Although persons with early epidemic KS are managed with local therapy, those with advanced disease require systemic therapy with interferon or cytotoxic chemotherapy. Most patients show improvement with systemic therapy, but in the past, all have needed chronic long term treatment to control their disease, resulting in the discomfort and drug-related side effects of these drugs. With the development of more potent combination antiretroviral drug regimens, it appears that chronic therapy may not be needed for some patients.
In December 1996, a group of 16 patients (all of whom eventually achieved a viral load that was undetectable with effective anti-retroviral therapy(were identified who were able to stop systemic therapy for epidemic KS. No patient since December 1996 has experienced progression of KS and all persons continue off systemic therapy directed against KS. The median time off of systemic therapy is now 32 weeks (range 22 to 63 weeks). Overall, this group of individuals remains remarkably healthy and no patient has required hospitalization for any reason. Substantial and sustained increases in CD4+ lymphocyte counts have been observed for most of the group, with increases of more than 101 cells/ml.
When non-HIV-infected persons with cancer undergo chemotherapy, certain white blood cells called neutrophils are severely depressedand, until the level of these neutrophils are returned close to normal, chemotherapy must be delayed. This interrupts the normal pattern of treatment and may have a serious negative effect on the control or cure of the cancer. To overcome this difficulty, cancer patients are treated with G-CSF along with their chemotherapy. This speeds the recovery of the neutrophils and permits the treatment to proceed on schedule.
In HIV-infected persons, it had been thought that because of the action of the HIV virus on the immune system, the colony stimulating factors such as G-CSF would be of little help in returning neutrophil levels to normal. This does not appear to be the case and, in point of fact, G-CSF has been proven to be equally as effective in HIV-infected cancer patients as in non-HIV-infected persons.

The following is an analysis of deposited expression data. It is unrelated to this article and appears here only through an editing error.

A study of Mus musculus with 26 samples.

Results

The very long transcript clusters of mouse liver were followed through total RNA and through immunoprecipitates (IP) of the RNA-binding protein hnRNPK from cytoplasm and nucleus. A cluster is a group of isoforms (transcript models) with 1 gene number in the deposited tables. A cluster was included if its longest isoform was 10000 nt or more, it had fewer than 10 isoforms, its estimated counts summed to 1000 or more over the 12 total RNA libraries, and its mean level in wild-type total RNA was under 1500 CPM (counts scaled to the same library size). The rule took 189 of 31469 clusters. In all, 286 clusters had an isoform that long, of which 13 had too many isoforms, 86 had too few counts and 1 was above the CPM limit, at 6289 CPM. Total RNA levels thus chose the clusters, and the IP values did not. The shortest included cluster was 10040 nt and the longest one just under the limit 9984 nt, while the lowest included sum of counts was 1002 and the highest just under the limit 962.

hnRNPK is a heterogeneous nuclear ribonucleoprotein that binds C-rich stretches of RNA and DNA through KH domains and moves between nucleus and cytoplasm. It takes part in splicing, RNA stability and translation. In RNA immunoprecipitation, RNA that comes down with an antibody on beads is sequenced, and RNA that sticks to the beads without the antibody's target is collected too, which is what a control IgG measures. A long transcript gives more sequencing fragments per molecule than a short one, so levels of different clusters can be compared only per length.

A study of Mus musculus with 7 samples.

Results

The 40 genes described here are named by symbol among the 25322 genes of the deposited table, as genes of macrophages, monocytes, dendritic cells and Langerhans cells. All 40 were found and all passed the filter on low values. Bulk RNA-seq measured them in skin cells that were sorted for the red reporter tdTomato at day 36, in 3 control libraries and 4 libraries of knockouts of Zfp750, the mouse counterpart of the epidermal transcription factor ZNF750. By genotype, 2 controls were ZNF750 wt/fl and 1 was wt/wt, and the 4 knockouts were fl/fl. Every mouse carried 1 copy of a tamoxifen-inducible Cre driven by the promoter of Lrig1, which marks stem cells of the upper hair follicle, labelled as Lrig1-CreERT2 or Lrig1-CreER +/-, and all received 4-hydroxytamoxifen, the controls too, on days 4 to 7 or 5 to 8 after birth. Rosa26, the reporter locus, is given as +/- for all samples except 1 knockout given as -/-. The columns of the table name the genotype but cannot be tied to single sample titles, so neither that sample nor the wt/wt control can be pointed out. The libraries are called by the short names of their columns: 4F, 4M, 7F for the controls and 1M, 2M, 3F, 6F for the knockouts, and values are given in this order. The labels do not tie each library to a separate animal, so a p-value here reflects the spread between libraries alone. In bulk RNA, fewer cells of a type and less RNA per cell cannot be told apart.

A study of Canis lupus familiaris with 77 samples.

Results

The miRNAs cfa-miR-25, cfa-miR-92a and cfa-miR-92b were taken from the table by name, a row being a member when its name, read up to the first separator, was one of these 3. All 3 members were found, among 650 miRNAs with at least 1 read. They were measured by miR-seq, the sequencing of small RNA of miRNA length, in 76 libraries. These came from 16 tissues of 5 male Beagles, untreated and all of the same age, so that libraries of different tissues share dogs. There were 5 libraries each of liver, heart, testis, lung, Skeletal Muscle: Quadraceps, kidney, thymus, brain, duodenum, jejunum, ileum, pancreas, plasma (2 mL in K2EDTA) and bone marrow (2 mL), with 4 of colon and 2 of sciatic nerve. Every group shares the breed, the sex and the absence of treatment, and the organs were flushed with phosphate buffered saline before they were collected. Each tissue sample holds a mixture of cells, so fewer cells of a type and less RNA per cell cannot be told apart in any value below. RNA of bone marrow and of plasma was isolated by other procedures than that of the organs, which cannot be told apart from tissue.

Administration of chemotherapy along with G-CSF and erythropoietin (which enhances red blood cell production) proved to be highly effective and well tolerated for the treatment of AIDS-related non-Hodgkins lymphoma, stated investigators from the Cancer and Leukemia Group, Chicago, Illinois.
Overall, 45 persons received one of six regimens of increasing doses of cyclophosphamide, doxorubicin, vincristine, and etoposide, in conjunction with steroids, antiretrovirals, therapy for opportunistic infections (PCP, leptomeningeal, and fungal prophylaxis), G-CSF, and erythropoietin. In the 30 surviving patients, all of whom had high-grade cancers, there was an 80 percent response rate, more effective than ever before seen.
In a related study, according to Dr. Alexandra M. Levine, an AIDS and cancer expert at the University of Southern California Norris Cancer Hospital, Los Angeles, California, standard chemotherapy, when given in conjunction with G-CSF, is highly effective for the treatment of Hodgkin's disease in HIV-infected patients.
When 21 HIV-infected persons with Hodgkin's disease were treated with the standard chemotherapeutic regimen of doxorubicin, bleomycin, vinblastine, and dacarbazine along with G-CSF, 80% of the treated patients responded to treatment. Unfortunately, survival was relatively short (19 months), but this was due to other HIV-related opportunistic infections rather than the cancer.